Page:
July 15, 2012
Teachers Talk - Was it the SMART thing to do?
Lawrence McMullen, Teacher, Okanagan Adventist Academy, Kelowna, BC

The Dilemma: To buy SMART Board or an iPad/Large Screen TV – Decisions … Decisions??
Finally after weighing the pros and cons of using a SMART Board or using my iPad2 with a large flat screen HD TV, I decided to go with the latter and have been very satisfied of how it is working out. In coming to that decision I was looking for a couple of things I felt I needed:
  • a whiteboard alternative with the ability to use different color pens to help distinguish between various points – supporting the visual learner.
  • the ability to use background pictures (eg coordinate plane graphs, illustrations of anatomical systems, the cell, etc) and to annotate over them as part of my classroom lectures
  • the ability to access and use the appropriate video clips available on the internet (eg YouTube.com)
  • to connect to my computer and be able to broadcast/control its contents from anywhere in the room
Although both the SMART Board and the iPad/TV solutions satisfied most of the requirements above the ability to roam around the room while lecturing was the tipping factor in the decision making process. So with the promise of wireless iPad mirroring (via the iOS5 inclusion of Air Display as part the enhancements to the iPad functionality), it was time to acquire all the components to make it work. The system I finally ended up with was:
  • Apple iPad2 – considered a leading player in the tablet market and especially the large number of apps available via the App store. Being a “closed system” I wanted something that was relatively free of malware/virus/hacking that has surfaced as a problem on the “open” Android OS tablets.
  • Apple TV to allow for “mirroring” of the iPad2 display.
  • Wireless router
  • Samsung LED UN55D6000 55 inch LED flat screen TV. Although most any size HDMI capable TV would have worked I wanted something that could be seen from the back of my classroom. Also required was a wall/ceiling mount for the TV.
  • Various cables to connect VHS/DVD players, Apple TV, and iMac computer to Samsung TV.
  • Before the iOS5 operating software was available for the iPad2, I used a wireless solution to walk around the classroom – controlling the computer via the iPad2 using a program called Doceri     (http://doceri.com/).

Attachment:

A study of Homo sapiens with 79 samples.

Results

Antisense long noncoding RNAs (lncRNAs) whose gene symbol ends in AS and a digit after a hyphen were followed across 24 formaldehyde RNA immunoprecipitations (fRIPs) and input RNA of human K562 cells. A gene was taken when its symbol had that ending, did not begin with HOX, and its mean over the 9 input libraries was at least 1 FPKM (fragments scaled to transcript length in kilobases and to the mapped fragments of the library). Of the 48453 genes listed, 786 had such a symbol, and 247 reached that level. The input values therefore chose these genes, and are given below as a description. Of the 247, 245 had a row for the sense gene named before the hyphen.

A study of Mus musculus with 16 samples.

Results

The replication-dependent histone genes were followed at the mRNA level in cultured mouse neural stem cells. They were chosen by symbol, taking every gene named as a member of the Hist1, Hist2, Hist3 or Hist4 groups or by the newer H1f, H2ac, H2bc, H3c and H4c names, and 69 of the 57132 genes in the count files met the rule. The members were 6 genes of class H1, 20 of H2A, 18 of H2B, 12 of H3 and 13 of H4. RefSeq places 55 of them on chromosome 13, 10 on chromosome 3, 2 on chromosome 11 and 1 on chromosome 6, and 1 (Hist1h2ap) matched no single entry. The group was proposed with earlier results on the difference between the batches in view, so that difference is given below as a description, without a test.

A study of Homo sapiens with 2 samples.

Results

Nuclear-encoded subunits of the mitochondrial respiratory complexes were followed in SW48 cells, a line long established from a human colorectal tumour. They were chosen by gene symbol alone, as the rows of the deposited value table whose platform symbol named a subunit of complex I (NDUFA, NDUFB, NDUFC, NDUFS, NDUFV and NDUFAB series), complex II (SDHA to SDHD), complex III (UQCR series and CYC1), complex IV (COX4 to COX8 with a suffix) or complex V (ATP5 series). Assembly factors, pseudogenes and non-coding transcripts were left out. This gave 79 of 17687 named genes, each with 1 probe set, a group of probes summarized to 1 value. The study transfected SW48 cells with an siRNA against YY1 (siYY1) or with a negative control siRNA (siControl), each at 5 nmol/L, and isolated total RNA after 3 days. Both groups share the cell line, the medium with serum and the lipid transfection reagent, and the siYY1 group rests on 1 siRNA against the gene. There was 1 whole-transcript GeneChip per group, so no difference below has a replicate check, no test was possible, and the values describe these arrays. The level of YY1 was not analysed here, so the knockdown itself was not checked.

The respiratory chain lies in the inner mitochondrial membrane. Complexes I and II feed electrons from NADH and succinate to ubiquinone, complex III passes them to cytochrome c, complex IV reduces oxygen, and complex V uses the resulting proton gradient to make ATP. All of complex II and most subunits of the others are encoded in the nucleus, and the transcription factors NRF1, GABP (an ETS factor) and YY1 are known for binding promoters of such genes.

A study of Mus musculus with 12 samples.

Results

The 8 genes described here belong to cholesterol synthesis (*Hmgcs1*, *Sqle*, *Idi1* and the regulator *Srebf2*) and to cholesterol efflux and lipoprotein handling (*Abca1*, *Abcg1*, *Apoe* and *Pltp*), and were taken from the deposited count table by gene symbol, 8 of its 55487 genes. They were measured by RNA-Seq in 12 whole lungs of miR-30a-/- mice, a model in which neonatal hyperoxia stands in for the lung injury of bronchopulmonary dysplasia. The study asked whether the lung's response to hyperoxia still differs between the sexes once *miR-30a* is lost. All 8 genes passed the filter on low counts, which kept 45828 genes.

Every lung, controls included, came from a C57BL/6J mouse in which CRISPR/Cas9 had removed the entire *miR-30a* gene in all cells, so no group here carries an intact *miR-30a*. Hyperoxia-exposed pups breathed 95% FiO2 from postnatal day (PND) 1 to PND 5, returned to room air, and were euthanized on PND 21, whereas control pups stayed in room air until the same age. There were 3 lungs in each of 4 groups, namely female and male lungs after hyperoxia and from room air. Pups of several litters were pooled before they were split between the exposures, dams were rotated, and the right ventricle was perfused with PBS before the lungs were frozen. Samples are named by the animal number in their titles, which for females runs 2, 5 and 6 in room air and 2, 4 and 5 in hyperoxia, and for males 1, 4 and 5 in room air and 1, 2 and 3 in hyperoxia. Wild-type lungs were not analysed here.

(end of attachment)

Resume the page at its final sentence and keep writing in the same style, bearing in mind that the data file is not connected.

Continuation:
• A variety of apps to make it all work on a day to day basis. (http://edudemic.com/2011/11/ipad-high-school/)
  • Goodreader– an iPad2 app that allows for opening, reading and annotating pdf files.
    (http://www.goodiware.com/goodreader.html). I use this app to display to the class, the page from the textbook that I am currently referencing. Previously I would ask students to turn to such and such a page and expect that they were seeing what I want them to focus on. With this app they are able to visually see what I am emphasizing and can see what I am highlighting as points of importance.
  • Dropbox– a computer/iPad2/iPhone solution that allows for your files to be accessible across multiple devices. I have pdf versions of all my textbooks and thus have them available, via Dropbox  (http://www.dropbox.com/), from any of my devices (any of my computers, iPhone and iPad that have Dropbox installed). When I update a file it is readily available on all my other devices.
  • iDesign– a vector drawing program to be used in the geometry sections of my Math classes.  (http://www.touchaware.com/apps/idesign/).
  • Bamboo Page– a program that is a virtual notebook/whiteboard
    (http://www.wacom.com/en/Products/Bamboo/BambooPaper.aspx). This app allows me to use the iPad/TV display as my virtual whiteboard. With the various pen colors it is very easy to illustrate/emphasize points that would typically be placed on the blackboard. What is very useful with this app is the ability to send the notes via email to anyone who wishes to have them. You could also save the notes in PDF format and have them accessible as a download from a web site or transferred to students via USB memory sticks. There are lots of note taking apps available – its just a matter of finding one that works for you.
  • Bibleand Logos Bible – Bible programs that support multiple translations in one app.
  • Doceri– pdf reader/ annotation program with whiteboard capabilities and computer control functionality. This company also makes an attachable stylus for the iPad2 that works like a pencil with an eraser on the other end. (http://doceri.com/goodpoint.php). This app lets me control my computer from the iPad (sometimes you may wish to show a Flash based movie which the iPad does not support but can be played on the computer). The program toggles between the computer screen mirroring/control and a whiteboard functionality. This program also is useful in delivering PowerPoint presentations.
What this solution has allowed me to do is wander around the classroom while I am lecturing. In doing so I can easily check that the students are engaged and focused on my lecture without having to turn my back to the class. The versatility of the iPad itself, lends itself to a variety of teacher tasks not directly related to lecture presentation such as keeping track of attendance, gradebook management, picture taking of classroom activities and video recording of student presentations for immediate playback and feedback, and parent-teacher email correspondence, use of Skype to communicate with students/teachers in other parts of the country to collaborate on projects, to mention just a few. Additionally when I am not lecturing I can have a slideshow of nature pictures, showing the beauty of God’s creation being displayed on the big screen as the students are working. The iPad/Large Screen TV has worked to my expectations and I am totally happy with the decision. So in retrospect I guess it was a SMART decision.
Below is a list of sites supporting the use of the iPad in education.